Five Jokes from the First Season of ‘The Simpsons’ You Now Need Wikipedia to Understand

Five Jokes from the First Season of ‘The Simpsons’ You Now Need Wikipedia to Understand

Let’s journey back to 1989 and 1990. Back then, the Game Boy was billed as the first handheld gaming system, Cheers was a top-rated sitcom and violently choking your son was an acceptable form of child-rearing. This was also when Season One of The Simpsons aired on Fox, and while the golden era of The Simpsons has aged better than most shows, there are some dated jokes in there that still may leave you scratching your head. 

Here are five gags from the show’s first season that are easier to understand with a tab for Wikipedia open on your phone…

‘Dasher, Dancer, Prancer, Nixon, Comet, Cupid, Donna Dixon’

In the very first episode of the show, “Simpsons Roasting on an Open Fire,” Homer is training to become a mall Santa, and as he names the reindeer, he says, “Dasher, Dancer, Prancer, Nixon, Comet, Cupid, Donna Dixon.” Most people probably still know who Nixon was, but Donna Dixon is a name that’s faded from the spotlight. She was Miss Virginia in 1976 and acted in the 1980s and 1990s. Her biggest credits were the Tom Hanks sitcom Bosom Buddies and Twilight Zone: The Movie, which she appeared in alongside Dan Aykroyd, her husband at the time.

‘Like Jane Goodall and the Chimps’

I hope people still know who Jane Goodall is, but if not, the 90-year-old primatologist is the world’s foremost expert on chimpanzees. And back in 1989, she was definitely a household name. In The Simpsons’ second episode, Bart is mistaken for a genius after cheating on a test, but when genius school makes him miserable, he proposes an idea to the school psychologist for him to return to normal school to study all the “regular dumb kids.” The psychologist then compares this idea to Goodall studying chimpanzees, which is a pretty hilarious comparison for a school psychologist to make.

‘There Are No Good Wars’

After Bart and his army of bullied kids defeat Nelson, Bart offers the following disclaimer, “There are no good wars, with the following exceptions: The American Revolution, World War II and the Star Wars trilogy.” That last bit is probably the most dated joke in all of Season One as there are now three Star Wars trilogies and all of them are certainly not good.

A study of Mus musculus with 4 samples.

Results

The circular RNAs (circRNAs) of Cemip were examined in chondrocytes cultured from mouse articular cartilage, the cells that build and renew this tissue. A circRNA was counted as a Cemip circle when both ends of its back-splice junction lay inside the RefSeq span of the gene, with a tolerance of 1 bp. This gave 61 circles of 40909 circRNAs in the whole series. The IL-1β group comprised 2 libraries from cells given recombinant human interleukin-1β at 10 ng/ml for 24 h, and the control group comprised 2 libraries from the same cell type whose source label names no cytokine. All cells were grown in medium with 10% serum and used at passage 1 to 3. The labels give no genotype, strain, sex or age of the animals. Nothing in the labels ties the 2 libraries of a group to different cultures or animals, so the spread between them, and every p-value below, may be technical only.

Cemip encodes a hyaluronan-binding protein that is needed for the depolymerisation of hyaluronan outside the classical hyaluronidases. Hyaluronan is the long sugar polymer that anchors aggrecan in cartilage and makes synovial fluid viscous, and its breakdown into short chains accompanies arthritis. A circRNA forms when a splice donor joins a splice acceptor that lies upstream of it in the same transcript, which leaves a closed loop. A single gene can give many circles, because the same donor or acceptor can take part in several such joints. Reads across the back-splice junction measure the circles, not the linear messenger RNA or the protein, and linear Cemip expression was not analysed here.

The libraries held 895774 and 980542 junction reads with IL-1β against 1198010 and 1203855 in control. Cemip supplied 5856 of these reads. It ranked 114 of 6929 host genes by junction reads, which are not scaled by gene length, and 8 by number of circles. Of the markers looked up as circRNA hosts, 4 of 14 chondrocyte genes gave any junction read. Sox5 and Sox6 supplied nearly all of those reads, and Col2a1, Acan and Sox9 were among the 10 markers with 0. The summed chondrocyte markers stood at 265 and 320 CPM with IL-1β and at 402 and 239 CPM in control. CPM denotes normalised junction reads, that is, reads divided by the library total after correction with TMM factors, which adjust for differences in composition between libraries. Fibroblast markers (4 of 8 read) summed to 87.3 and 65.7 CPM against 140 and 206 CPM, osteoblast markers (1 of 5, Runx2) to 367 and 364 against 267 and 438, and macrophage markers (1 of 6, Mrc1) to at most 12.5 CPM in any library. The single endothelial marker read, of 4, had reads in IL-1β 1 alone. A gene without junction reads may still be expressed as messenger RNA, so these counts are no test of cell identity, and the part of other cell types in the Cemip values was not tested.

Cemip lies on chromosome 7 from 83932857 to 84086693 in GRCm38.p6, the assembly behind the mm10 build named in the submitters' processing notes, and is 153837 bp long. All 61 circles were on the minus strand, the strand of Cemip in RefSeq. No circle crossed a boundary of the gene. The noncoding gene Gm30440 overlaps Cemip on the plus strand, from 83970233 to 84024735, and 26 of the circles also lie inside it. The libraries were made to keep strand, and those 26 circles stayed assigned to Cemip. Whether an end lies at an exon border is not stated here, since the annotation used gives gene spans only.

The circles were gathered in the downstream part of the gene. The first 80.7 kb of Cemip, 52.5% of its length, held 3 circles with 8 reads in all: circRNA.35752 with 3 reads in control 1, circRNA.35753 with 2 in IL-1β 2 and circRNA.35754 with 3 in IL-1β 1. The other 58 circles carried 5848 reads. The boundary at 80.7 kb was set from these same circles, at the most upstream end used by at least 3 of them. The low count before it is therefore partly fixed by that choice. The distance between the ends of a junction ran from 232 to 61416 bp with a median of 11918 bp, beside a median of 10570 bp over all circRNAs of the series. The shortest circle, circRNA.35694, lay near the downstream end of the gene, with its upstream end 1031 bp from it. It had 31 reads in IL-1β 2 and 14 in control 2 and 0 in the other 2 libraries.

International House of Answering Machines

When Homer forgets Marge’s birthday in “Life on the Fast Lane,” he rushes to the mall in search of a gift. If the concept of a shopping mall that isn’t abandoned isn’t dated enough, one of the stores Homer considers buying a gift from is the “International House of Answering Machines,” a device no one has needed for decades. 

‘Just Look at These Amusing Caricatures of Gore Vidal and Susan Sontag’

In “Krusty Gets Busted,” Krusty goes to jail for robbing the Kwik-E-Mart, and Bart and Lisa try to prove his innocence. As they gather evidence, Lisa points out that, although Krusty is illiterate, the security footage showed him reading The Springfield Review of Books. Later on, when Sideshow Bob has Bart on the kiddie show that he now hosts, Bart points out this piece of evidence. Sideshow Bob, who was in the process of framing Krusty, quickly replies, “You don’t have to be able to read to enjoy The Springfield Review of Books. Just look at these amusing caricatures of Gore Vidal and Susan Sontag.” 

Vidal and Sontag were American authors and intellectuals who, as of 2012 and 2004 respectively, are both dead. 

Back when “Krusty Gets Busted” aired in 1990, this joke was meant to demonstrate what an elitist Sideshow Bob was. Today, the joke is still elitist, but it’s also terribly dated, as is the idea of any sort of print magazine. Just ask Sylvester P. Smythe.